One of the most dangerous disease problems we deal with at Pleasant View Gardens is viruses. Viruses can easily spread throughout a greenhouse by insects, pollen, seed, plant contact, and by mechanical transmission, which includes cutting and/or pinching. New viruses are found every year in the horticulture industry, but most are insignificant and infrequently found in production.
Scout Your Plants Regularly
Our biggest problems today are Impatiens Necrotic Spot Virus and/or Tomato Spotted Wilt Virus (INSV/TSWV) and Tobacco Mosaic Virus (TMV). Scouting for symptoms is an important part of any virus management strategy but especially for INSV/TSWV. At Pleasant View Gardens, we have a dedicated person to scout all the greenhouses for both insects and disease symptoms every week. We also believe in educating our employees on what to look out for and encourage them to call anything unusual to the attention of their crew leaders.
Watch for These Signs, Then Take Action
Symptoms to watch for commonly include ring spots, yellow mottling, necrotic spots, interveinal chlorosis, and mosaic patterns on leaves, stunting, distortion, and plant death. Any unusual leaf spots, necrosis, or plant growth could be considered a possible virus symptom, especially if no other causes seem likely. The only way to be sure a suspected plant has a virus is to test.
We test a sample both in-house and at Agdia, an independent diagnostic testing laboratory. Here we can test for the seven viruses most commonly found based on past testing results. Agdia can test for most of the plant viruses that exist, but we typically test for up to 15 of the most common viruses found in our operation, as well as in the horticulture industry. We try to be on the front line of new and emerging problems and review the viruses we test for every year, adding any we feel are significant to our testing screen. Pleasant View was one of the first greenhouse operations to test for Alternanthera Mosaic Virus, and helped the industry to determine the host range for this virus.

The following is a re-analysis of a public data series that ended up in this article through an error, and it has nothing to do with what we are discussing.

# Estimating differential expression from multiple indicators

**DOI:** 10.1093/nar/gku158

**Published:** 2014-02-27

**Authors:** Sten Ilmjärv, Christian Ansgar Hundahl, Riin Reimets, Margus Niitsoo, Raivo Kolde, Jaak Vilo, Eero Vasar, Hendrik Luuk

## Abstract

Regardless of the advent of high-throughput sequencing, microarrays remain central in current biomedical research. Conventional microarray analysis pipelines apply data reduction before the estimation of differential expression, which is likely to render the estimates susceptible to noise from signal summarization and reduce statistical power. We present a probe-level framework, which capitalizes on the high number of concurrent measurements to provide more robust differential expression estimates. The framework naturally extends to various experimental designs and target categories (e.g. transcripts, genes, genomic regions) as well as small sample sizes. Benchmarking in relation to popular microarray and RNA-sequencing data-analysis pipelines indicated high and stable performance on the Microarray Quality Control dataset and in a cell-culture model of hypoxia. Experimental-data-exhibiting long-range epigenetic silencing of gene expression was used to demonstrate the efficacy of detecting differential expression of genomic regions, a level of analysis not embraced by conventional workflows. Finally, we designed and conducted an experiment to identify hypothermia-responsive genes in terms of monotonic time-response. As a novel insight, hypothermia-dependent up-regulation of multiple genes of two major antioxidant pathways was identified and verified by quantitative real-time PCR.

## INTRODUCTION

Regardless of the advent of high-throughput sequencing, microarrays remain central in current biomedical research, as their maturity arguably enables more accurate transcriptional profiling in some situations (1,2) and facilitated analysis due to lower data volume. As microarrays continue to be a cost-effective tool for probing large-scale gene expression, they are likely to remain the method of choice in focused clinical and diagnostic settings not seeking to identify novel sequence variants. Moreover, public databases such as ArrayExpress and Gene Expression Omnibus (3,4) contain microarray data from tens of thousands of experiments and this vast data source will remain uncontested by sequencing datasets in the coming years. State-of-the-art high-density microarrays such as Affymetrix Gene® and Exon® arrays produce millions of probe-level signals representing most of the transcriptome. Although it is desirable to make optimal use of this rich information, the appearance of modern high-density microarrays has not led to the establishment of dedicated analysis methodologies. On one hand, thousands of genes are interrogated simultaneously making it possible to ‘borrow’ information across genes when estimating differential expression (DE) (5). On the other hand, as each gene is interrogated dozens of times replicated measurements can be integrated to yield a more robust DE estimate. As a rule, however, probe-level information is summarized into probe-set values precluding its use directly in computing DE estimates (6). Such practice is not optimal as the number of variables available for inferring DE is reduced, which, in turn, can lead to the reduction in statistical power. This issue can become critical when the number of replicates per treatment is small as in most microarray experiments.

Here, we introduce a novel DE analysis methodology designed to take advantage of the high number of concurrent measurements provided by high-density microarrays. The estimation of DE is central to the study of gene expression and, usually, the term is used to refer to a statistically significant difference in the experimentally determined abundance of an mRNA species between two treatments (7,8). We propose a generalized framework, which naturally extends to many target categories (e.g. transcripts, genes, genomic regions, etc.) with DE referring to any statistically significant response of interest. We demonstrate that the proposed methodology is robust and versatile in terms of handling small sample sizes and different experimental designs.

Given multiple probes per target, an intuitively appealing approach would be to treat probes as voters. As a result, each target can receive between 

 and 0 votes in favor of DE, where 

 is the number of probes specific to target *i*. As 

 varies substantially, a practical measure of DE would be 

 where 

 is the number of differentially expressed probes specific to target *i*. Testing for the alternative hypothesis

What to Do About Symptomless Viruses
As if looking for all those symptoms wasn’t hard enough, some viruses are symptomless, which means a good sanitation program becomes the most important tool we have to keep viruses out of our greenhouse. We have a multi-pronged approach to sanitation at Pleasant View Gardens. We require all employees and visitors to wear disposable gloves when entering the greenhouse. The biggest benefit to this is that it makes sanitation top of every employee’s mind.
We also have alcohol gel hand sanitizer units throughout the greenhouses and at all entrances. The rule is if you pass one, use it. A big part of our sanitation program is the required clean-up after one crop leaves an area and before another can be put down there. Not only do we sweep and wash the area, we will also clean with a sanitation agent. At the end of the season, we sweep, wash, and then pressure wash all areas, followed by a sanitizing spray and a horticultural oil spray. We make sure to include sanitizing equipment such as drip lines or booms, as well.
For our general pinching and sticking crews, we have rules based on the crop’s susceptibility to viruses as to how often an employee’s gloves need to be changed and tools sanitized. This information is included in all new employee handbooks and is reviewed during their orientation.
Start With Clean Stock
A big part of our sanitation program is making sure our incoming material is clean. Our stock greenhouses in Costa Rica perform randomized virus testing weekly, and we are notified of any positives immediately. We also receive information as to which stock greenhouse each group of cuttings comes from, so if there is a virus-positive, we know exactly which plants could be affected. We make sure to put this information on the tray those cuttings are stuck in so we can track individual trays.
We also perform weekly randomized virus tests. We test a percentage of all the plants produced each week, making sure to record location information for each sample, so we can trace any positives found back to the exact trays infected. In the past five years, we have tested more than 280,000 plants, and while the number of virus-positive incidents is less than 1%, each incident is time-consuming and costly. At Pleasant View Gardens, we feel scouting, testing, and our sanitation program are all essential to producing a disease-free crop and helping us avoid those hassles.